Left in the Lurch
In 1819 Asher Marx (no relation to Groucho) wrote a letter to Moses Myers of Norfolk, Virginia complaining about his money problems, saying that his credit would have been sufficient to support his family but Wilson & Cunningham “left me in the Lurch" for $40,000. Did they really use that expression in the early 19th century? Was Asher the one who coined the phrase? Does the Special Collections Archive have an important piece of etymological history?
Not likely. According to the Dictionary of English Etymology, the phrase was around for over two hundred years by the time the letter was written. It originates from the French game of ‘lourche,’ a dice and board game similar to backgammon that was last played in the 17th century. If a player was left in a hopeless position, they were said to be “in the lurch.”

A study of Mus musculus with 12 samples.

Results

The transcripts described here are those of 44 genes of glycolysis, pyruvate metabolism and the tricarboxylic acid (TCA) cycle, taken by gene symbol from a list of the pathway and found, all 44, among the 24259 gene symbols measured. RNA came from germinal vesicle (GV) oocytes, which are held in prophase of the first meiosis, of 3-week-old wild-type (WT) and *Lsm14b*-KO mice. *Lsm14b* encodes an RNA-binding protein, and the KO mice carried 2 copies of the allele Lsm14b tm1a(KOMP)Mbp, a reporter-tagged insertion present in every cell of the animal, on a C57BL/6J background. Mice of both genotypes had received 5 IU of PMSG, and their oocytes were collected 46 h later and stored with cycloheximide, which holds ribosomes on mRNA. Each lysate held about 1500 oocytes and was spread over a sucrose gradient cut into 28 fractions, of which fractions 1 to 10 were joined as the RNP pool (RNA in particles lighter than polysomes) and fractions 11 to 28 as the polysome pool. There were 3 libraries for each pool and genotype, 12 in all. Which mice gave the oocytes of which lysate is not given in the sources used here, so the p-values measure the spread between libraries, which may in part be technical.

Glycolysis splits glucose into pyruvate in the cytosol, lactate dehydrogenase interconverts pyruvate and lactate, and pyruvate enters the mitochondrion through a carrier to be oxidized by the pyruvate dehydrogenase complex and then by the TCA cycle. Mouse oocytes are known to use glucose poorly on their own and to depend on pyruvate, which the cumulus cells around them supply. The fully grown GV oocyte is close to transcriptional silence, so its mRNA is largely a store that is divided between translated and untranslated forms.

And in 1596 the phrase was used in a line from Thomas Nashe’s Have With You to Saffron Walden: “Whom he also procured to be equally bound with him for his new cousins apparence to the law, which he neuer did, but left both of them in the lurtch for him.”
The term is also used in cribbage, where players may be “lurched” or “left in the lurch” if they have not reached a certain point total by the time their opponent counts out. If playing for stakes, the loser has to pay double.
“Lurch” eventually took on the meaning of a difficult position, and to be left in one by your friends indicated being abandoned to unexpected problems. Asher Marx certainly had problems, about 40,000 of them!
Cecile Glendening, is a volunteer in the Special Collections Research Center, Swem Library, and is currently making the Myers Papers (II) more accessible. You can read the full text of Asher Marx's letter in the William & Mary Digital Archive.